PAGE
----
PPP Loan Forgiveness: An Important Window is Closing
More than 30% of borrowers who received Paycheck Protection Program (PPP) loans in 2020 still have not applied for forgiveness, according to the Small Business Administration (SBA). The SBA distributed approximately $521 billion in PPP loans to businesses during 2020, but as of May 24, 2021, had not received forgiveness applications related to loans totaling $159 billion of those funds.
The SBA has issued guidance explaining that borrowers may submit a loan forgiveness application any time before the maturity date of the loan, which is either two or five years from the loan’s origination, depending on the borrower’s agreement. While it may seem like you have plenty of time to seek forgiveness, there is a key point which borrowers may not be aware or ready for. And that is that loan payments are deferred only until 10 months after the last day of each borrower’s loan forgiveness covered period.
Per the PPP Loan Forgiveness Calculation Form 3508 instructions, “Covered Period: The Covered Period begins on the date the loan was originally disbursed. It ends on a date selected by the Borrower that is at least 8 weeks following the date of loan disbursement and not more than 24 weeks after the date of loan disbursement. For example, if the Borrower received their PPP loan proceeds on Monday, April 20, 2020, the first day of the Covered Period is Monday, April 20, 2020 and the final day of the Covered Period is any date selected by the Borrower between Monday, June 15, 2020 and Monday, October 5, 2020.”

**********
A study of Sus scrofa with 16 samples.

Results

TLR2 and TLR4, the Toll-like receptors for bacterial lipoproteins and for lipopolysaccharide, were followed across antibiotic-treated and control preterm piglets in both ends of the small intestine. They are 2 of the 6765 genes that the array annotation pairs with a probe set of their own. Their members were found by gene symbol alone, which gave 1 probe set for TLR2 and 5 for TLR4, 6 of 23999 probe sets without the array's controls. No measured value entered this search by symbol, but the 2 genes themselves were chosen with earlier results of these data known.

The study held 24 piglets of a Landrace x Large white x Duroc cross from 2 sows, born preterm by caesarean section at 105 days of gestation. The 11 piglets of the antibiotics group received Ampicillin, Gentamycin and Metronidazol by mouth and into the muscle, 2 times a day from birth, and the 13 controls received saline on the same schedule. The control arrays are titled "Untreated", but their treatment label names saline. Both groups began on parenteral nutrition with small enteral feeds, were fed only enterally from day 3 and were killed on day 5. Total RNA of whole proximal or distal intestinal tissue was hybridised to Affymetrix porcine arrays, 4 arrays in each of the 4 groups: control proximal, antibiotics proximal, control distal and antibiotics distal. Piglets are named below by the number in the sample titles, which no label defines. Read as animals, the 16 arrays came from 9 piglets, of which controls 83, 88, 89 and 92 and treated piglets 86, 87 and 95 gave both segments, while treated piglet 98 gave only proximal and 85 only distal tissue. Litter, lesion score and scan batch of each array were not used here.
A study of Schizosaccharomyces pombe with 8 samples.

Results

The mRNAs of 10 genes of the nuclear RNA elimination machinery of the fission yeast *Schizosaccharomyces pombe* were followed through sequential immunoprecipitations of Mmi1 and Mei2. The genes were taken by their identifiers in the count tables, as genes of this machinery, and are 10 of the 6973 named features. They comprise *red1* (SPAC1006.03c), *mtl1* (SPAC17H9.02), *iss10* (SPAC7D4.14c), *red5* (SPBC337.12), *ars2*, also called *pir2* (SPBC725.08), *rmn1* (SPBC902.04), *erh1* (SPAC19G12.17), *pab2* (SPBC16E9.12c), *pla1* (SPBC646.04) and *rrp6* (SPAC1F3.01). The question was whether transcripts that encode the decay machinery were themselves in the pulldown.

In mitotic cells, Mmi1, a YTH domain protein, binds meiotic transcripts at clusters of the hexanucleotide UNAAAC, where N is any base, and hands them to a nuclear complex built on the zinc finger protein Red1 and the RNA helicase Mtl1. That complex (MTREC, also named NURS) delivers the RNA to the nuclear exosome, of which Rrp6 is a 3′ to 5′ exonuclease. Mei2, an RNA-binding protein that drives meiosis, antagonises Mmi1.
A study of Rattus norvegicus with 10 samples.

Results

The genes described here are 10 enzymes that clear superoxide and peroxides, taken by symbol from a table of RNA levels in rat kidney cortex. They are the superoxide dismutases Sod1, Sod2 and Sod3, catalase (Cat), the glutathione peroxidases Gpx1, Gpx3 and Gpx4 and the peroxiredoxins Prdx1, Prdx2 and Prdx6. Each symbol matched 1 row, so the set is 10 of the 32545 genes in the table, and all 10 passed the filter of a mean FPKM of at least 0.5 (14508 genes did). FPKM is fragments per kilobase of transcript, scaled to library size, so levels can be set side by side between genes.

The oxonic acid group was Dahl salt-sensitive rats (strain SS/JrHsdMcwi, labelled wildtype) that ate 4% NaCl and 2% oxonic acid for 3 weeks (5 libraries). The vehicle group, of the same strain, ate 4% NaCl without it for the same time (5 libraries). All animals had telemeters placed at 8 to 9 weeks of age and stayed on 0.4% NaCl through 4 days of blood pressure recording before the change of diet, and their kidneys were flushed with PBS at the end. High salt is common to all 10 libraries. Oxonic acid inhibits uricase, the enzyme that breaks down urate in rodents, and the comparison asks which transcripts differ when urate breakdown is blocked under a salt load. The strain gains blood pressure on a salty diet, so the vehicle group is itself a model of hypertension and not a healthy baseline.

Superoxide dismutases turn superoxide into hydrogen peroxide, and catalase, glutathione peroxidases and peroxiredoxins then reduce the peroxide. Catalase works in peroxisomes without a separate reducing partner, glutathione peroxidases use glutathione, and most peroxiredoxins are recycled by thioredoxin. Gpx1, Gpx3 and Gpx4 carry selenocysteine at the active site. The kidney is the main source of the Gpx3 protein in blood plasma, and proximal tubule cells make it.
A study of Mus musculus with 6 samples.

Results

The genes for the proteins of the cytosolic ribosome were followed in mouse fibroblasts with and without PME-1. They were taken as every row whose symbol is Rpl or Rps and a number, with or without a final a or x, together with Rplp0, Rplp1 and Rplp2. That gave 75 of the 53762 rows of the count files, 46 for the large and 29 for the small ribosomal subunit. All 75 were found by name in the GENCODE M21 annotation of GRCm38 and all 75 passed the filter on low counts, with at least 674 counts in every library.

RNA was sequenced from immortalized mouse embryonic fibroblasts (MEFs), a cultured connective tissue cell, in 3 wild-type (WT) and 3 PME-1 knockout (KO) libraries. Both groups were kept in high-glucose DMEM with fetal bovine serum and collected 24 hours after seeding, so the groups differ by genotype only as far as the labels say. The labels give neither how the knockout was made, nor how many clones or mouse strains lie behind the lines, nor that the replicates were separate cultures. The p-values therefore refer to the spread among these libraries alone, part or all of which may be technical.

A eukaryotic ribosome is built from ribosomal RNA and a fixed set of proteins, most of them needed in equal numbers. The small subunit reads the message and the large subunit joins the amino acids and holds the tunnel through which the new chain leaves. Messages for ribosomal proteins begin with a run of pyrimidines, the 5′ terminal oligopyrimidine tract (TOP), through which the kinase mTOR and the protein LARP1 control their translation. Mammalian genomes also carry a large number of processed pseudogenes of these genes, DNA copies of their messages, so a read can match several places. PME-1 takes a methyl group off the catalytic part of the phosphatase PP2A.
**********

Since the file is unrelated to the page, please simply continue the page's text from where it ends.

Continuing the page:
Using the above example, loan repayment would begin either April 15, 2021, or August 5, 2021, depending on the covered period chosen.
For a borrower with a forgivable or partially forgivable loan, procrastinating the forgiveness application will result in costs incurred for monthly payments of interest and principal, as well as put the borrower in the more stressful financial position of having to recover forgivable loan payments from the government. The impact on cash flow for a business already struggling can lead to dire consequences such as SBA loan default or business failure.
If you are among the 30% who have not yet sought forgiveness, we recommend that you immediately seek partial or full forgiveness of your PPP loan. For more information, contact Marks Paneth to engage a professional who can assist in the process.
Marks Paneth will continue to monitor developments and will provide updates as they become available. Contact your Marks Paneth advisor if you need additional information or assistance or email email@example.com.